Exchange 2007 Server SSL Certificate Renewal

I recently tried to renew a godaddy SSL cert to replace the same exact one installed two years ago. This process has been a complete circus--all instructions found on the net and on the godaddy site give many different ways--but incomplete-- of how to successfully complete this. Needless to say, the initial install failed using the Command shell with error "Private Key missing". After contacting godaddy, I was instructed to "rekey" the ssl cert as a new one instead of a renewal by creating a new CSR. I installed that one in IIS, and it appeared to install correctly. Outlook reports seeing the new cert, as well as Outlook Web Access. Even doing an SSL certificate check using www.digicert.com/help returns a successful install of a new cert. All mobile devices, Outlook clients and web clients appear to work normally.
HOWEVER, the exchange server reports in the Event Viewer that the SSL certificate is expired, and Thunderbird also reports it that way from off site. There must be a way to convince the Exchange server that the new cert is not-expired, as well as Thunderbird. Any ideas?
saxcoachAsked:
Yes, use enable-exchangecertificate.  The link I posted previously has the details.

First, do not use IIS to configure Exchange certificates.

Second, delete all of your certificates (back them up first just in case) and then create a new request.  I recommend using Digitcert's CSR wizard to help you with the powershell command.

Third, enable the certificate for use by Exchange 2007 with the powershell commandlet.

Finally, install the certificate that you get from GoDaddy and then confirm installation of intermediary certificates.  In the last few years all the cert vendors have started using intermediary certificates that are sometimes not automatically trusted by your servers and workstations.
If you haven't removed the old certificate then you will get these errors. You simply need to remove the old certificate. If everything else works there is no need to remove certificates etc. The old one is still there. It could also be the original self signed certificate that is causing the problem.

Run get-exchangecertificate to see what certificates are installed and enabled.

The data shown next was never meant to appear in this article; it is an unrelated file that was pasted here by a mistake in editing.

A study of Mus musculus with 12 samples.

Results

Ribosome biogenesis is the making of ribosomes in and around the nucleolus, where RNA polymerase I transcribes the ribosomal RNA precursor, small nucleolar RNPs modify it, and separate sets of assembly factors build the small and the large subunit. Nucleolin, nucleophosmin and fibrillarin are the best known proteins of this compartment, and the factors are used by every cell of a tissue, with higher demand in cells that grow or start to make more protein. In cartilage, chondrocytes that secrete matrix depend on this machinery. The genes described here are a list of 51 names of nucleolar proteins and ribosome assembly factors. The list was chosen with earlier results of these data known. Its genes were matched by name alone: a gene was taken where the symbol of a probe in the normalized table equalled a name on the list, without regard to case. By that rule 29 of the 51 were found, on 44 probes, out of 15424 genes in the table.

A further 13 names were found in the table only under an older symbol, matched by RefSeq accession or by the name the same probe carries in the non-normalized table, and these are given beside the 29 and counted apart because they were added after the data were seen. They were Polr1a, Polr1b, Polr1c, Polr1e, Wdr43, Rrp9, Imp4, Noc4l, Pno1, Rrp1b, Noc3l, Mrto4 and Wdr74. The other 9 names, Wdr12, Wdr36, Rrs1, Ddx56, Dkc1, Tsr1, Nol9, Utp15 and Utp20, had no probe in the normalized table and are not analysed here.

Simon.
Thanks--I do see multiple certs installed. The newest one doesn't show SMTP enabled, which may be why Thunderbird fails on send. I need to read up on removing certs with the Power shell....and then use the CSR request from Digicert to rekey the ssl cert for all services and SANs. Sound correct?
Run get-exchangecertificate to list all of the certs
find the thumbnail for the one you want to remove
run remove-exchangecertificate -thumbnail "xxxxxxxxxxxxxxxxxxxxxxxxx"

Then, choose the thumbnail you want to use for SMTP and then run
enable-exchangecertificate -thumbnail "xxxxxxxxxxxxxxxxxxxxxx" -services smtp

Look here for some more info.
http://technet.microsoft.com/en-us/library/aa998840(EXCHG.80).aspx
Doh, I said thumbnail twice when I meant thumbprint.  Yeah, I am tired.
Disregard the enable-exchangecertificate line.  I gave a partial answer to another question in here.  I guess I am trying to answer too fast.

The removal can still be done with this

Run get-exchangecertificate to list all of the certs
find the thumbprint for the one you want to remove
run remove-exchangecertificate -thumbprint "xxxxxxxxxxxxxxxxxxxxxxxxx"
Thanks for the help. I get an error message trying to remove the expired certificate "The Internal transport certificate cannot be removed because that would cause the Microsoft Exchange Transport service to stop. To replace the Internal transport certificate, create a new certificate. The new certificate will automatically become the internal transport certificate.

I will post a screen shot momentarily.

That is because it is assigned to the SMTP service.  You need to create a new internal certificate and assign it to SMTP so your transport service can use it.  An internal/self-signed certificate is fine for SMTP as long as you are not doing TLS SMTP with another Exchange organization.
Can I enable the SMTP service for the new certificate that is installed? Will that allow me to remove the old cert?
Stuck with it till it was answered. Thanks!
You could try changing the FQDN on the receive connector.

Change it to null so it is blank. Then restart transport services and attempt to remove the certificate again.